Though at times difficult to decipher there are some great points in this article on the burgeoning American app. culture and its effect on web publishing.
After 15 years as the net’s publishing platform of choice, a movement is growing that wants to put the web back in its box.
Blame the “app”. With little prior culture of mobile web consumption, publishers have barely given their HTML efforts five minutes in the sun before preferring to code snazzy, custom, closed interfaces instead in the likes of Xcode and Objective-C, in iPhone’s case.
After the desktop OS and browser wars of the late 90s settled down in to uniform web standards, many of us had thought the web, which runs through my veins, would become the mobile platform of choice in the same way. But, the rise of the revenue-making app store sales channel has coincided with publishers’ realisation that, if there are precious few ways of monetising content on the desktop web, then little would be different on the handset or tablet flavour.
Print is dying and outside of large websites like the NY Times, which in itself is difficult to read and lifeless, few print publications have truly embraced or innovated with their web efforts. Their web publications are generally profitable but not to the degree that it can carry the whole company. LeMonde is a current example with their profitable but barely recognized web division, management with no vision and an extremely expensive print operation.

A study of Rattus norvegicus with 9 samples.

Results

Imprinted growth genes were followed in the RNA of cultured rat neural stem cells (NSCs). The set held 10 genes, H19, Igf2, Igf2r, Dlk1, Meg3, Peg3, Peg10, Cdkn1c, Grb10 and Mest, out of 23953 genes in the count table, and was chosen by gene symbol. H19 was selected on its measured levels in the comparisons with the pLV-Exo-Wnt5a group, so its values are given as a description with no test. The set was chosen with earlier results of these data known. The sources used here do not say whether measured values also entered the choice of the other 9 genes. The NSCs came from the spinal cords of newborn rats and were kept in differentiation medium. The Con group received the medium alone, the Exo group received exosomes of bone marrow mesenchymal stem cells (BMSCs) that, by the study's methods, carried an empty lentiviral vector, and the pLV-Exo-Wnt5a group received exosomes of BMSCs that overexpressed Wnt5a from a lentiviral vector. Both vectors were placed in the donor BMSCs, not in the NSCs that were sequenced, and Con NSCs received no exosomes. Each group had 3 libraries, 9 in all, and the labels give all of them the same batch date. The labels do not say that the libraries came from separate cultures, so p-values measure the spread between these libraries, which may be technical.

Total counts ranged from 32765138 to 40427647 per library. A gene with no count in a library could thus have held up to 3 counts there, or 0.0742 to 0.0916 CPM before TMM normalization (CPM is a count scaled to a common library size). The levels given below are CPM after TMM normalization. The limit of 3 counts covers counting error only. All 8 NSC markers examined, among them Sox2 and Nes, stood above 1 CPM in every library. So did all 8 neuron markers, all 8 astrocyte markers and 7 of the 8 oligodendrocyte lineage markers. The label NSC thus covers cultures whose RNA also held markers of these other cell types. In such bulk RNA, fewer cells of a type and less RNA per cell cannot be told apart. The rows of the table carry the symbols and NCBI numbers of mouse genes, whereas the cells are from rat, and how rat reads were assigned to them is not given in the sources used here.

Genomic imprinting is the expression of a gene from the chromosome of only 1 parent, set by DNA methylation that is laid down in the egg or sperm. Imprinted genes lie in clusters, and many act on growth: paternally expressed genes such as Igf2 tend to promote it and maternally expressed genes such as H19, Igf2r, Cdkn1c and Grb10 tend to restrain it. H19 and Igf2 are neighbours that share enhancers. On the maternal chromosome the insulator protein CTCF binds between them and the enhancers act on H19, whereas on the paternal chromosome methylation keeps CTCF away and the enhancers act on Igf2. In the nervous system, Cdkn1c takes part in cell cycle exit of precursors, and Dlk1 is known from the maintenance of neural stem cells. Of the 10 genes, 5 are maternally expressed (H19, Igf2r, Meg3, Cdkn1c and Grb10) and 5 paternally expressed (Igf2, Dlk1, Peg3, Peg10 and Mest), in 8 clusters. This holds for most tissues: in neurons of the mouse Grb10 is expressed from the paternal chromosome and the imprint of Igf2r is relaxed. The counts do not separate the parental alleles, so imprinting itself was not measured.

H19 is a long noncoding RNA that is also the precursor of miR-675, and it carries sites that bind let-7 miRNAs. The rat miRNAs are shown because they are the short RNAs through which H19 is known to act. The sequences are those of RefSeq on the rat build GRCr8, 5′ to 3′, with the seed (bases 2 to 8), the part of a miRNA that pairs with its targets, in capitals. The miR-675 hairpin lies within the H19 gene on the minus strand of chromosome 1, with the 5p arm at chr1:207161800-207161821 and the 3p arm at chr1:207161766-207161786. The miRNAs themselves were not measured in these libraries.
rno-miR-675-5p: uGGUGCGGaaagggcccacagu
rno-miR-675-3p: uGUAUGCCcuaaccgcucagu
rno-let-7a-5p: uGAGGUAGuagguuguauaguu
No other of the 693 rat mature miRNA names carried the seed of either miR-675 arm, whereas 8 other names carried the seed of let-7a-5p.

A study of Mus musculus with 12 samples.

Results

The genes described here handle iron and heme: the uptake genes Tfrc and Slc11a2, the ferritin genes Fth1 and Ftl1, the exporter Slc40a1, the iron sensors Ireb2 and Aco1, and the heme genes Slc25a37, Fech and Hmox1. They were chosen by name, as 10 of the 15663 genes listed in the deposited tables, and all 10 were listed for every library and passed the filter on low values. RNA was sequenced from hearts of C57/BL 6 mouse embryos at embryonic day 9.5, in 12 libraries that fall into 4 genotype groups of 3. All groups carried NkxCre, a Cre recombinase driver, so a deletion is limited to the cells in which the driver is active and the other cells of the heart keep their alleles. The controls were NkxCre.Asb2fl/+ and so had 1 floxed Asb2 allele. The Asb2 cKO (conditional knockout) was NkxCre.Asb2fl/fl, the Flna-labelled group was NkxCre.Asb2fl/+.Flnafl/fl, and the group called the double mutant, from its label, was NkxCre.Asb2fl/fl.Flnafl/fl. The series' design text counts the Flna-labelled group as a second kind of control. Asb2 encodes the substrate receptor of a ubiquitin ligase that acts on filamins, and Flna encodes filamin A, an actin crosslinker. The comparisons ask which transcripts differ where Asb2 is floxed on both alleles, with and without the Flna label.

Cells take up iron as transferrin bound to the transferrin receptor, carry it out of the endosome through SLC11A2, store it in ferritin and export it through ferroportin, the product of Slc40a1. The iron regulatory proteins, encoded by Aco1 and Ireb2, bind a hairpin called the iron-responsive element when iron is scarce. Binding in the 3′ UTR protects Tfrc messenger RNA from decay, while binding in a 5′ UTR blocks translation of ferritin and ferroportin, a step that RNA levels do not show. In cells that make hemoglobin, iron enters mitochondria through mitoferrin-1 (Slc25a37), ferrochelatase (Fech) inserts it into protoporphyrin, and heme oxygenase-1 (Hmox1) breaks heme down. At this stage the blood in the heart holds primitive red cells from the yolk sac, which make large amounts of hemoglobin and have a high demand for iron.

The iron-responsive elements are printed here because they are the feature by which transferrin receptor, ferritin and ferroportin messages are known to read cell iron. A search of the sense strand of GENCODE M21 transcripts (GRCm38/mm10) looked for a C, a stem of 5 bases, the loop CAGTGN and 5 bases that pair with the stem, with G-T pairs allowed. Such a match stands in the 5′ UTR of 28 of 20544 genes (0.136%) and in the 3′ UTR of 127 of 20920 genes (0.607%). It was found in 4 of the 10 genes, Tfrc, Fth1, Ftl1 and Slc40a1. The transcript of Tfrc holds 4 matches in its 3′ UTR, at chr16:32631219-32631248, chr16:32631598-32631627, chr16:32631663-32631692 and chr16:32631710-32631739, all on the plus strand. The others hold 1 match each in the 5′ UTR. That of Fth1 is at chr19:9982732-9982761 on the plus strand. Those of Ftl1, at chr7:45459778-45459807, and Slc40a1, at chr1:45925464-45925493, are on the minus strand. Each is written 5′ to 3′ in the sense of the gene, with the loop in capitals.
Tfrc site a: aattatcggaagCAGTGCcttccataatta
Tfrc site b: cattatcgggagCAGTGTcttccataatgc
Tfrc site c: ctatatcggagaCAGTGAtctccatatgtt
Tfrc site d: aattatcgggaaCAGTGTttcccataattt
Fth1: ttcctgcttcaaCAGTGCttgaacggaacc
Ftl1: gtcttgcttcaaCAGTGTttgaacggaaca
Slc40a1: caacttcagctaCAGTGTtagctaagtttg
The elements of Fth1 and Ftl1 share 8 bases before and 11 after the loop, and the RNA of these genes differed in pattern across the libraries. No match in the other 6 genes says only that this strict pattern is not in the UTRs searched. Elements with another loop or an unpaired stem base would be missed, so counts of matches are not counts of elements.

Apps. give these dinosaurs the type of control that they have experienced in the past, with the medium that their customers are embracing, and a new more predictable revenue stream. It’s a package they can more readily understand. For the reader there is nothing new here. Most efforts I have seen for the iPad are nothing more than cheap imitations of the print version or a rehashing of what we used to see on cd-rom.
Sure; through a new focus on lean-back consumption over sit-forward distraction, the hyperactive attention deficit that comes with continual self-satisfied link clicking will dissipate. But so may the marvellous connections that the open web affords between people and content and places and pages, the opportunity to freely publish in an open ecosystem and the serendipity of discovering something unexpected at the end of a mouse click.